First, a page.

Sunday, February 20, 2011

Warm Hands

Next weekend I'm going to learn to knit thrummed mitts. This is a cold climate and single-thickness mitts are never enough. Sometimes I wear gloves inside regular mitts, and sometimes I like to wear fairisle mitts in which the stranding on the inside acts as a second layer. Last year I designed and made these.

Diamanda Mitts--Holly colourway in Patons Classic Wool and Cascade 220

And this winter, I made them one size larger in a new colourway--"pink lemonade".

Diamanda Mitts--Pink Lemonade colourway in Ella Rae Classic

  When I spotted these colours sitting haphazardly together in my stash, I realized how perfect they would be for a lively pair of mitts. Of course, this pattern will work equally well in other colours; I just happen to love raspberry pink and heathery gold, especially when the dark days of winter are at their peak.
These mitts also offer  the following attractive features:

  1. They are surprisingly easy to knit, suitable for a first venture into small diameter fairisle knitting. There are no carries of more than 5 stitches and instead of the usual twisted braid, a simple band of purl stitches demarcates the borders of the cuffs. While at first glance the cuff looks as though it is done in corrugated ribbing, it is actually knitted in straightforward stocking stitch; the small diameter is enough to prevent curling, especially when blocked.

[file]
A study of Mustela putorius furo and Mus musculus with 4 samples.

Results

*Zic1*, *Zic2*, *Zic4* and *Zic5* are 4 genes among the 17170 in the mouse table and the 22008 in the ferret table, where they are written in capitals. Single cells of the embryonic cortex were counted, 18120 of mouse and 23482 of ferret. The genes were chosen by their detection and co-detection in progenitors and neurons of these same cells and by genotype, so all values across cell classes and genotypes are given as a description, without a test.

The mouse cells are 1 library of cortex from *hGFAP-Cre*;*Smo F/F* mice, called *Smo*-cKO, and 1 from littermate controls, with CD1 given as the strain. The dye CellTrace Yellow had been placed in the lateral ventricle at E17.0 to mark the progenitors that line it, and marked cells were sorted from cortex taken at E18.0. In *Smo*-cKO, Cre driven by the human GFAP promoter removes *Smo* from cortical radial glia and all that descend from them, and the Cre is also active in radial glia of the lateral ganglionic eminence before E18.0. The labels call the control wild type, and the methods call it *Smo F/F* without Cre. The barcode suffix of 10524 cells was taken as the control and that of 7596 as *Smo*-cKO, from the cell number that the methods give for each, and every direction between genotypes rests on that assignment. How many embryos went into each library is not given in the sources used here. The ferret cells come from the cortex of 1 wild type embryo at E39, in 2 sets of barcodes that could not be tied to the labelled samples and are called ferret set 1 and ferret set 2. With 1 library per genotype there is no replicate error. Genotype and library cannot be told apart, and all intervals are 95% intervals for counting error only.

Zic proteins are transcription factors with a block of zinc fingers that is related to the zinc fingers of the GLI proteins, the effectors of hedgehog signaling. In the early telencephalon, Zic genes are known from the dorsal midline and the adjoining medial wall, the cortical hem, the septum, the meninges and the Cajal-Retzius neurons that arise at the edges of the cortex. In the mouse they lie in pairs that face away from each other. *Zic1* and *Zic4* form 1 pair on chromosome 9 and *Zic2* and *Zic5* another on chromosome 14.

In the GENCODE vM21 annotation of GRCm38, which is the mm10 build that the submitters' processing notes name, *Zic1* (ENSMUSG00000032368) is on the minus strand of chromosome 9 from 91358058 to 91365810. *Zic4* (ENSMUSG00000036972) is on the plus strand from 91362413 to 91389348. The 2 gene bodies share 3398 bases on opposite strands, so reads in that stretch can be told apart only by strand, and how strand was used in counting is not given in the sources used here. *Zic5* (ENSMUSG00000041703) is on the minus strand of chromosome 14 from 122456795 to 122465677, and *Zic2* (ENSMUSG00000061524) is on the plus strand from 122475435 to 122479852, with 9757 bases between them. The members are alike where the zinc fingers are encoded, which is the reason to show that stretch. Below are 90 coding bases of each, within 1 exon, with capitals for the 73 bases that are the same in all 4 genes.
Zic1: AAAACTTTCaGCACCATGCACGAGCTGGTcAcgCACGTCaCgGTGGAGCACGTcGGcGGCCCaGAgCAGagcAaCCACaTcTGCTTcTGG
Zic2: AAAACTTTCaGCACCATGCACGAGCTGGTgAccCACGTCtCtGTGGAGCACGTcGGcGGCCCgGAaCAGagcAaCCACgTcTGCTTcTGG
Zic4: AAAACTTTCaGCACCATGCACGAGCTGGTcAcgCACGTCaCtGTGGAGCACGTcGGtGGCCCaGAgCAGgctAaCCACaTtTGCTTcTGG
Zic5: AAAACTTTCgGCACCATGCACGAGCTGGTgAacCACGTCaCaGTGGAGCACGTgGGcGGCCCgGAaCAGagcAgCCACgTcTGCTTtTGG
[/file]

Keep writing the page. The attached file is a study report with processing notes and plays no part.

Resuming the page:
2. They knit up very quickly in worsted weight wool (yarn that normally knits at 5 stitches per inch, although the gauge for this purpose is 6 stitches per inch).
  3. The size range (women’s S-M-L) is broad enough that the smallest size will fit a large child while the largest will fit a medium-size man (imagine the mitts in masculine charcoal, grey and burgundy).
I'm working on getting the pattern available online. The charts are taking a bit of effort.